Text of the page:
Pastors with integrity and skill ‘can be shepherds after God’s heart’

Bishop tells Church at Ordination-cum-Closing Service of 32nd Session of CAC


‘Integrity can be affected by temptation, and also by suffering and trials … Satan does not like upright men of integrity. He will use evil people to persecute and torment people of integrity. In such moments, one could give up having a heart of integrity, either by becoming political, revengeful or skeptical.’

PASTORING can be very difficult, but pastors with integrity and skill can be shepherds after God’s heart.

David shepherded God’s people with integrity of heart. Integrity refers to character, and character is about sincerity, honesty and simplicity.

“This means our response to God must be wholehearted,” said Bishop Dr Robert Solomon.

Delivering his sermon based on Psalm 78:69-72 at the Ordination-cum-Closing Service of the 32nd Session of the Chinese Annual Conference at Kum Yan Methodist Church on Nov 15, 2007, he told the four ordinands and the congregation: “David prayed for an undivided heart. An undivided heart means that there is only one Lord in the heart. Self is dethroned. Fear of God is present. There is only one clear unadulterated purpose – to glorify God’s name, without reservations, no holding back.

“Integrity is something very important to God. Without it, we cannot serve God. “Watch your heart. If it is not right, ministry will go wrong and not bear fruit. Character is important. Ministry is not a profession.”

The Bishop went on to warn that integrity can be affected by temptation. It can also be affected by suffering and trials.

“Bloodthirsty men hate a man of integrity and seek to kill the upright.” (Prov. 29:10).

He added: “Satan does not like upright men of integrity. He will use evil people to persecute and torment people of integrity.

In such moments, one could give up having a heart of integrity, either by becoming political, revengeful or skeptical.”

Turning to the importance of skill, he said character must be complemented with competencies.

It is God who chooses us. We simply respond. This is primary. Institutional and personal choices are secondary to God’s choice. This is of critical importance as it will make clear your levels of accountability, he told the ordinands. The people we are to shepherd belong to God. Hence the sacredness of the task. It is His sanctuary, His people, and we are only the servants.

David was a shepherd of the people, a servant of the Lord. Without being a servant, he could not be a shepherd. Leaders must have skill and be obedient followers.

David led and ministered with skilful hands. The shepherd’s hands are important.

The Bishop said that a pastor needs to have: Praying Hands: The most important use of the pastor’s hands is to use the hands in prayer, to lead as a man of prayer.

Preaching Hands: Hands are connected with preaching and teaching.

Healing Hands: Hands are also used to heal.

Guiding Hands: A pastor is a spiritual director.

Equipping Hands: Hands are used to mentor and ordain.

The Bishop’s 40-minute sermon was interpreted by the Rev Louis Chai.

The service saw the ordination of Pastor Paul Thian Moon Hee and Pastor Jasper Sim Sheng Chyi as Deacons, and the Rev Herman Kan Man Shek and the Rev Susan Lim Bee Yong as Elders.

A retiring Elder, the Rev Tan Lye Keng, was also recognised at the service. He had served the Chinese Annual Conference for 25 years, and is leaving to serve at the One Hope Centre as its Executive Director. The centre, at which he was a volunteer for the past two years, counsels gambling addicts and helps affected family members.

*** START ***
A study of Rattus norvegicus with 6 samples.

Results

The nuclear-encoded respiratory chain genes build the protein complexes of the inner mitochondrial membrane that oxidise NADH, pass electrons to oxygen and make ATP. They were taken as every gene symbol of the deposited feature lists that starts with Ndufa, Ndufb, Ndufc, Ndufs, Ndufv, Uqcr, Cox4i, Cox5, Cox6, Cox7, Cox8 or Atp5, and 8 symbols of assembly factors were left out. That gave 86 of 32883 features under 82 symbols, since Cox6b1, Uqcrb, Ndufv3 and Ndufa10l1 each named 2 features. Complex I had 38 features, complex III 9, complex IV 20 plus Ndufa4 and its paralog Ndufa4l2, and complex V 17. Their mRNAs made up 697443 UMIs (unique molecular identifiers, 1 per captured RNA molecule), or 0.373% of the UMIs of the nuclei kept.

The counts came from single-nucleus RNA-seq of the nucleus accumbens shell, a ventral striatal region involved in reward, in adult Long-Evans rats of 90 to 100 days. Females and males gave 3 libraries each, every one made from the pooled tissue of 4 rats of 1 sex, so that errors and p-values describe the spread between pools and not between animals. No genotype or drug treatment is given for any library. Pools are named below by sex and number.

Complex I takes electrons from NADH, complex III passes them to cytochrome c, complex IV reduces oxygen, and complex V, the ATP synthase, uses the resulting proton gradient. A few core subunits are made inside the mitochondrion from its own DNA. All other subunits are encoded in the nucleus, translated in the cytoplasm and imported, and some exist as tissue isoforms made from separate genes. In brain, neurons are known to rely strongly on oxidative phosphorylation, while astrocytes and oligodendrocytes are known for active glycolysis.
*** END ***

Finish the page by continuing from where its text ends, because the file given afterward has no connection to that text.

After the benediction was pronounced by Bishop Emeritus Wong Kiam Thau, the congregation proceeded to the ground floor for refreshments where excited family members, guests and church members posed for photographs with the ordinands.

THE Closing Ordination Service Aof Trinity Annual Conference (TRAC) at Pentecost Methodist Church on Nov 22, 2007, TRAC President Rev Wee Boon Hup issued a challenge to church members to find the “lost sheep”.

In his sermon entitled “The 100th”, he asked, “Who is the missing 100th sheep?” A simple answer is: The one sheep who is lost, the one missing from the flock.

We will never know whether a person is really lost, he said, unless we go out to
find him or her.

Basing his sermon on the familiar Parable of the Lost Sheep (Luke 15:1-7),
he further asked: “What if that person has lost his faith?”

“We won’t know until we find him,” he said. “The 100th is about ministering to the one who needs to repent.”

The Rev Wee told the congregation that he himself was once a lost sheep. In fact, he was lost three times, and each time he was led home.

And who is this person who goes after the lost 100th?

“The shepherd, not the hireling or the hired employee. Every sheep is important and precious to the owner, the shepherd.”

And what joy he has when he finds the lost sheep. He added: “The majority of our church members have not gone out on behalf of our Chief Shepherd to look for the lost 100th.

“We are not hired hands or employees of our Lord Jesus; we are the undershepherds of Christ Himself and we are under His responsibility to look for the 100th.

“We have to look for the person who was in church and who is no longer in church.

“Today as we come to celebrate, let us hear the voice of our Chief Shepherd to reach out and save the lost 100th.”

He said that if “the world is my parish”, as told to us by our founder John Wesley, then “I am the shepherd to the world.”

Earlier, he warned of hearing the voices of strangers who could lead us astray, and hearing the Voice of God.

“A lost sheep is lost by choice. This is a warning for us,” he said.

Peter Teo is the Editor of Methodist Message.